This could be unnecessary but fun.
The LFA successor is either going to arrive with a race car-derived twin-turbo V8, an all-electric powertrain as per the Electrified Sport, or perhaps both ICE and EV variants will be offered. A more recent rumor even suggested it will have close to 1,000 horsepower. What we do now know is that the LFA's successor might come with a virtual manual transmission, something Lexus President Koji Sato let slip to Top Gear in a recent interview. In February, we reported on a patent Toyota submitted regarding just that. A manual transmission in an all-electric car is unnecessary as the vehicle's coding controls the torque. However, that coding can have a variation that simulates shifting gears and gives control of that over to the driver.
The software can even simulate a traditional transmission's traditional clutch feel and gear shift despite not being mechanically tethered to the drivetrain. The concept brings a whole new level to the idea of the "PlayStation car" a criticism that used to be leveled at the Nissan GT-R by people that never drove one. However, it could bring an extra element of fun to the LFA Mk2. It's also something that could filter down to other electric Lexus models and would suit something like an all-electric LC model.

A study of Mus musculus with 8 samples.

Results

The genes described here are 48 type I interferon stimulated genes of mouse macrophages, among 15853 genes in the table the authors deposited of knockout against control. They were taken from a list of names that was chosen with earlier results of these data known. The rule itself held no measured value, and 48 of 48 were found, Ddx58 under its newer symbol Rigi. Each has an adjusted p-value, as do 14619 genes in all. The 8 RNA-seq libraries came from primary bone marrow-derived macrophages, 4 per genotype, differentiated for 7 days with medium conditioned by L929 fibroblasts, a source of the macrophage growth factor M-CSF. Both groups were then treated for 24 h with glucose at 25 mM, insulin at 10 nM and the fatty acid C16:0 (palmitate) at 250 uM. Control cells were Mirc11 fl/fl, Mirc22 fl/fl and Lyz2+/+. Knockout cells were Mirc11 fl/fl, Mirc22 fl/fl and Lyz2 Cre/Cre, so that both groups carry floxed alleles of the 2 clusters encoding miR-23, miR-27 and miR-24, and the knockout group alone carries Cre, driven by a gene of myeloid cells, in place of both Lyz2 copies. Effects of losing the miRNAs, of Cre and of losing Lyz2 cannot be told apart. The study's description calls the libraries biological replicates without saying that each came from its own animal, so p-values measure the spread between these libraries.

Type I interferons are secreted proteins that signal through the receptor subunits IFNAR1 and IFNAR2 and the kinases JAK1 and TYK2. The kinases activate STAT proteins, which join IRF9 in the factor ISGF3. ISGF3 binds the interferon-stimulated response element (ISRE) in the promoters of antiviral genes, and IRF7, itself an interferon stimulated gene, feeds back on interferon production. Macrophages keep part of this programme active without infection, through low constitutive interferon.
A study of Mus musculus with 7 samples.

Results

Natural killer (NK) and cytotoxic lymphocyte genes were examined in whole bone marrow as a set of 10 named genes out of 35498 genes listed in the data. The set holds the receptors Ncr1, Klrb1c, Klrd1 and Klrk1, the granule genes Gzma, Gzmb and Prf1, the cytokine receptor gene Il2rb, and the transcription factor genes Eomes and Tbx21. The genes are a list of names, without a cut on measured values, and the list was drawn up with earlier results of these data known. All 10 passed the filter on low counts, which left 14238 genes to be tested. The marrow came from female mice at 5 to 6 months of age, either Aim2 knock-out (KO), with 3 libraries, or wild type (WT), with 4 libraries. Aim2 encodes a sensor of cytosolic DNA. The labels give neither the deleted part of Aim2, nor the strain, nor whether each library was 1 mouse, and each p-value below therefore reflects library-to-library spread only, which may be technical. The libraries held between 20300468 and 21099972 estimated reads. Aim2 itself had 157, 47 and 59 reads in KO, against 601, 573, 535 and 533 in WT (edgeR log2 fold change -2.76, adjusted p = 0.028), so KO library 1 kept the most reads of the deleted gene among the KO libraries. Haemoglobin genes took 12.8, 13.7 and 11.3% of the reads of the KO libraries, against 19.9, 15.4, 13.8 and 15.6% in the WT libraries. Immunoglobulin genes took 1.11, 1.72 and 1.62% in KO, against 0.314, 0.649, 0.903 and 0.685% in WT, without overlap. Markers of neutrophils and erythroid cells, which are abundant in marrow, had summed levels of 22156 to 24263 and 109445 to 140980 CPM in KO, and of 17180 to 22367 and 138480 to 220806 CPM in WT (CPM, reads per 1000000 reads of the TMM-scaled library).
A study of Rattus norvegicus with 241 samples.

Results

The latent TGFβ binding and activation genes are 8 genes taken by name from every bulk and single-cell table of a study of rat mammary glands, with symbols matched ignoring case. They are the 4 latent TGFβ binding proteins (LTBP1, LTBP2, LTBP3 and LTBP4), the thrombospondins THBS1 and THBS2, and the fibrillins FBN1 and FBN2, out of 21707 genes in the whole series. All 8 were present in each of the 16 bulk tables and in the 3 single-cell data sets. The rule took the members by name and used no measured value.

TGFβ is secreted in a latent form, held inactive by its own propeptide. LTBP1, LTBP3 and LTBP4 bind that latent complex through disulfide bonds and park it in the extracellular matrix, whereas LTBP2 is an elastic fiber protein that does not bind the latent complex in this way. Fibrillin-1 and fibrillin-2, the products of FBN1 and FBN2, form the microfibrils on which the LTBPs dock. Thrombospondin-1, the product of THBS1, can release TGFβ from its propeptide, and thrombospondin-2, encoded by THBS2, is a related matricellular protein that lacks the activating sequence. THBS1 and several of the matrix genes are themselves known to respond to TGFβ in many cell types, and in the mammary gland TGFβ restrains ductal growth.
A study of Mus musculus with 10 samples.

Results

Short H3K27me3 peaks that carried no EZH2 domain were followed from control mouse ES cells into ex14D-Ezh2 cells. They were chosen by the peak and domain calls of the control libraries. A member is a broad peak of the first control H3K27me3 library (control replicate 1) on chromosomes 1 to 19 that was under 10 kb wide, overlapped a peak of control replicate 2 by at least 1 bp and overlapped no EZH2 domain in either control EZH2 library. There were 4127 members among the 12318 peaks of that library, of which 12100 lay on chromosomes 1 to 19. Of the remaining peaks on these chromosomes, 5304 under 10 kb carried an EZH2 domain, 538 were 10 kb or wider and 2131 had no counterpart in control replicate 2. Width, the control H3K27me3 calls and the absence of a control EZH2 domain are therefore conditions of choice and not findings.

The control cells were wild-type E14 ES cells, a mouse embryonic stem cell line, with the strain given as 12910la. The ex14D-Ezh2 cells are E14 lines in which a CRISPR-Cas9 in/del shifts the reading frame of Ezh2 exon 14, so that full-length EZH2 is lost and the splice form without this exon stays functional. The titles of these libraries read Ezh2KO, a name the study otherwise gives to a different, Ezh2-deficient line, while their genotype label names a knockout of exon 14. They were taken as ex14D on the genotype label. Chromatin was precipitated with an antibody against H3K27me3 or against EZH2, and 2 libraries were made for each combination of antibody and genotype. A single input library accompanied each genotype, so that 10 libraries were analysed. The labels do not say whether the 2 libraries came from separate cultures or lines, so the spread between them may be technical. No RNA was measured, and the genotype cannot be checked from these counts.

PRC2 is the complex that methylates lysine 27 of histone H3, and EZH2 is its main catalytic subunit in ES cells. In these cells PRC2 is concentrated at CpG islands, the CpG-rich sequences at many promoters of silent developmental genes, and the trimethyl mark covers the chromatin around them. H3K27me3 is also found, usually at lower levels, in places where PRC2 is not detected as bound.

It's by no means a certainty that the LFA's successor will have the virtual manual transmission system, but Sato did confirm a few things. It will use steer-by-wire technology, which is par for the course now; its zero to 60 mph time will be in the "low two-second range," solid-state batteries will be a factor, and torque vectoring technology will be a key to the new halo model.
Like the original LFA, its successor will exist more to showcase the technology Lexus is capable of than sell in big numbers.
The Lexus Electrified Concept will make its US debut at Pebble Beach next week. More LFAs were sold in the US than anywhere else, so announcing its successor here would be fitting, We think it might be a bit early for that, but watch this space.